Number of times John McCain mentioned Afghanistan in his acceptance speech: 0
Number of U.S. troops in Afghanistan: 33,000
On Tuesday, Bush announced he would withdraw about 8000 troops from Iraq, which would bring troop levels there to about 137,000, roughly the same amount stationed in Iraq prior to the so-called surge. Meanwhile, Bush said a "quiet surge" is occurring in Afghanistan. A Marine battalion of 1000 soldiers that had been heading to Iraq will be sent to Afghanistan instead, and an Army combat brigade of 3500 will also be deployed to Afghanistan. Two years ago, the number of U.S. troops in Afghanistan was 21,000. So this all represents a significant buildup in Afghanistan. Still, the increase of troops Bush is ordering for Afghanistan falls far short of what U.S. commanders have asked for: 12,000 additional troops. This number of troops cannot be poured into Afghanistan due to the U.S. military's continuing obligations in Iraq.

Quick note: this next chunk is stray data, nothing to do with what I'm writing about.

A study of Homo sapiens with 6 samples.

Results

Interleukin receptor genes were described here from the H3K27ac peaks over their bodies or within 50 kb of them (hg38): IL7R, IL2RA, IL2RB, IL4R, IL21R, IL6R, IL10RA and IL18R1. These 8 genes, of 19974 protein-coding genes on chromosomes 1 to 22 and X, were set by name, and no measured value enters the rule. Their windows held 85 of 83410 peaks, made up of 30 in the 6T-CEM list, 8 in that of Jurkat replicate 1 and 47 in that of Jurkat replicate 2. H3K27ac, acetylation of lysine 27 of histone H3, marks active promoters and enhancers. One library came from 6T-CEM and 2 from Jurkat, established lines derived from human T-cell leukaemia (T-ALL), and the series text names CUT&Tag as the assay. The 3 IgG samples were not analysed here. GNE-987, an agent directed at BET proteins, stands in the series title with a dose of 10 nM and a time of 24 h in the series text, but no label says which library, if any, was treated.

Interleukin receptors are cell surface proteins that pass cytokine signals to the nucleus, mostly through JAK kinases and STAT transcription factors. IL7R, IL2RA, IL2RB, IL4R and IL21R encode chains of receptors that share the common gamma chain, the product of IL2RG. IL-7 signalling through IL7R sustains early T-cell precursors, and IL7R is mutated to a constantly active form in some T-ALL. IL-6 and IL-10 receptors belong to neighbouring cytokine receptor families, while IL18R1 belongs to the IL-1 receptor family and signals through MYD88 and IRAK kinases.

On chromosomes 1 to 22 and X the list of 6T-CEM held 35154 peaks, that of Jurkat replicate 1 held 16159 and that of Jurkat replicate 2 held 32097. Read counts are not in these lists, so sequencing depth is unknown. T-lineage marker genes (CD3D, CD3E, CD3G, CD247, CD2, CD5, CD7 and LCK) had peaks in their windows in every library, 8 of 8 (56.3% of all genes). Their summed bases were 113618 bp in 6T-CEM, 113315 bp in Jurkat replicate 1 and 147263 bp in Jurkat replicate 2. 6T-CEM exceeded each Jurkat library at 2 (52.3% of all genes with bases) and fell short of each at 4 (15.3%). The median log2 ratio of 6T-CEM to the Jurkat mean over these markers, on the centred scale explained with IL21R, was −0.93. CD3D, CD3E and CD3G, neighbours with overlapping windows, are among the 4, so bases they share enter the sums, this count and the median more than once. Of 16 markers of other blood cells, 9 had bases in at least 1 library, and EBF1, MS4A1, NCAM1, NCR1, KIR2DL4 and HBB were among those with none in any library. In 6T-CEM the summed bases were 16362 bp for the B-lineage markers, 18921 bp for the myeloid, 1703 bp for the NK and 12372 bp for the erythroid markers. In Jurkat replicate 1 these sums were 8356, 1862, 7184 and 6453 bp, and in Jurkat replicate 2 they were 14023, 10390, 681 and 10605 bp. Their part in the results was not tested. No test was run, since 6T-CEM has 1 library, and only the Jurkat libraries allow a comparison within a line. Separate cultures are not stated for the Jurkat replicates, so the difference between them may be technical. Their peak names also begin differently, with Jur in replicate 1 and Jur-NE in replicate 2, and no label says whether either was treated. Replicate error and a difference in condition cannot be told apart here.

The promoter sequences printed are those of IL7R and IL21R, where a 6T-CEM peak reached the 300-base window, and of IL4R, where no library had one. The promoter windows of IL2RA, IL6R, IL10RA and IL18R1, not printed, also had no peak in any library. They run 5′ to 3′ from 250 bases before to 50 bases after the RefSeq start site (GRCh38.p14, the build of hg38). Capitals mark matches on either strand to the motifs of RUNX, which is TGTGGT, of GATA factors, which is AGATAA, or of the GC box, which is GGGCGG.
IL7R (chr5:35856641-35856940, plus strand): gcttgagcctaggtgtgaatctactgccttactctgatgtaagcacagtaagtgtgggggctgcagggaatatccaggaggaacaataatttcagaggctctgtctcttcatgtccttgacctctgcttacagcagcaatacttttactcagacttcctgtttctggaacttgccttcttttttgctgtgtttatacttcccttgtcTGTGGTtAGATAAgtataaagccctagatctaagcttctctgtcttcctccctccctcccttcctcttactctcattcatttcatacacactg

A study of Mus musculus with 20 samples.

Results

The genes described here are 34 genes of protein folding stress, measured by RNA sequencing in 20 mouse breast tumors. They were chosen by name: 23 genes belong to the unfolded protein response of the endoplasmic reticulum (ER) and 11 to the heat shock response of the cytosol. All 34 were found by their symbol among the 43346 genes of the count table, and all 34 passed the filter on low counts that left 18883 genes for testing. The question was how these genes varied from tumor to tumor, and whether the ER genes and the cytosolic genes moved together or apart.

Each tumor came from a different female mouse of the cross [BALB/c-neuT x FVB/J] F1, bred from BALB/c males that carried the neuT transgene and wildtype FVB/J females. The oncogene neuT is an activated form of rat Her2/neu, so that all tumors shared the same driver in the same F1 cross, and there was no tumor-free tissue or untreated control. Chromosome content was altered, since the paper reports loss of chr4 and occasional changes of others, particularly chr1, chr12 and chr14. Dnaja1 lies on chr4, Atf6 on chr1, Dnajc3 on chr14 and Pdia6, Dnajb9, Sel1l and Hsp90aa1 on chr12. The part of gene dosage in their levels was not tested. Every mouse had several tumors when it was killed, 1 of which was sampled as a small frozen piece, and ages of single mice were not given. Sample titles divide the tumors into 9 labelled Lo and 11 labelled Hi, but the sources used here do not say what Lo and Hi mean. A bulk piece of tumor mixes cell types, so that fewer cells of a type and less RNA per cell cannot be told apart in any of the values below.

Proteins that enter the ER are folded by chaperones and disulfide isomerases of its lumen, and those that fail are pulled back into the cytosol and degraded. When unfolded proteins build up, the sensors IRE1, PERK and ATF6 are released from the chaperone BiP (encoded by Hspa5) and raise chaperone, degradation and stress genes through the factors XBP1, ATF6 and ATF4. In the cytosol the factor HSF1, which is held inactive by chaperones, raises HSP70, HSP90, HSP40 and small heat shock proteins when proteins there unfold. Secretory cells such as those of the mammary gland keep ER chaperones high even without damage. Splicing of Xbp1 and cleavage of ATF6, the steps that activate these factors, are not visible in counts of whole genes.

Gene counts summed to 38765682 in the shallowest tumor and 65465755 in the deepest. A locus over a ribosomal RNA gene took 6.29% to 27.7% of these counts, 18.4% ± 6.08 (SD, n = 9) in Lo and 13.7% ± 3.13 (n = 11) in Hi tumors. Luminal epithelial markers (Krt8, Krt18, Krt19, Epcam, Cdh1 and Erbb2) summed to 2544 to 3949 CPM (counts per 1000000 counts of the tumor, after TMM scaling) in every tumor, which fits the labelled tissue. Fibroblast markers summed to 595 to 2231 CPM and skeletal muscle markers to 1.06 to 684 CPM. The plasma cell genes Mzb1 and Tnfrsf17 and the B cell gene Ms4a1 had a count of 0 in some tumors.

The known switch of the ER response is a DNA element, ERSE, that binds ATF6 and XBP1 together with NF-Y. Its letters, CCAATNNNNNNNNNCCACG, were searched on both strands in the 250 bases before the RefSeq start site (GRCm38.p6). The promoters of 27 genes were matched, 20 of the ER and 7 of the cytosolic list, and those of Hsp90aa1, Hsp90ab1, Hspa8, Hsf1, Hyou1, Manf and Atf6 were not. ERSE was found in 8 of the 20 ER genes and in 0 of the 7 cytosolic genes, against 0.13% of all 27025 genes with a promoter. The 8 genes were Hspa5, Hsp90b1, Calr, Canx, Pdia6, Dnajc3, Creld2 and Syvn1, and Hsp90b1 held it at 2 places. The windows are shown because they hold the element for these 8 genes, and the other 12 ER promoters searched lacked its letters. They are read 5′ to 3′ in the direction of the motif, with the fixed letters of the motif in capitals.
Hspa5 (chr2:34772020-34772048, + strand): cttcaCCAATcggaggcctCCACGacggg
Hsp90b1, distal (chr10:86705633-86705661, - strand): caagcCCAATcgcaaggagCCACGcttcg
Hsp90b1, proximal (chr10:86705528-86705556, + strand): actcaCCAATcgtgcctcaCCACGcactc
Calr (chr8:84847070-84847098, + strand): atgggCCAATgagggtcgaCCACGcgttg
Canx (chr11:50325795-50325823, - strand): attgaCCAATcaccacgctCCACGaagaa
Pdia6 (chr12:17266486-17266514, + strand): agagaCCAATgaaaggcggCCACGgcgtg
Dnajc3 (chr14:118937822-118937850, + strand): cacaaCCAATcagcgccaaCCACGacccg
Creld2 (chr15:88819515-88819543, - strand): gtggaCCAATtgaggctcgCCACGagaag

Whatever is happening in Iraq, Afghanistan has become more of a challenge. The Taliban and its allies are resurgent. The drug trade is expanding. Al Qaeda remains at large in the mountainous tribal regions between Afghanistan and Pakistan. Afghans--including their leaders--are fed up with U.S. attacks that lead to civilian casualties. (A pattern has been repeated too many times in the past seven years: the U.S. mounts a bombing raid, people on the ground claim that many civilians were killed, the U.S. military maintains that the raid was precisely targeted and denies the charge of excessive collateral damage, evidence and eyewitness accounts emerge that persuasively challenge the U.S. military claims.)
Yet as Afghanistan becomes more dicey and a more daunting policy and military matter, McCain had nothing to say about it in the most important speech of his career. (By the way, did you know that McCain was a POW during the Vietnam war?) He did refer to Iran (one sentence) and Russia (four sentences), and he mentioned Iraq briefly. Nothing on China. Nothing on Israel. Where was the national security beef? McCain once again retold his POW story. But he had zippo to say about Americans serving in Afghanistan.
Imagine what Republicans and conservatives would have said if Obama had essentially blown off the Afghanistan war and other national security concerns in his acceptance speech. McCain seems more eager to push confrontation with Iran and Russia than to deal with a war already under way. How's that for change?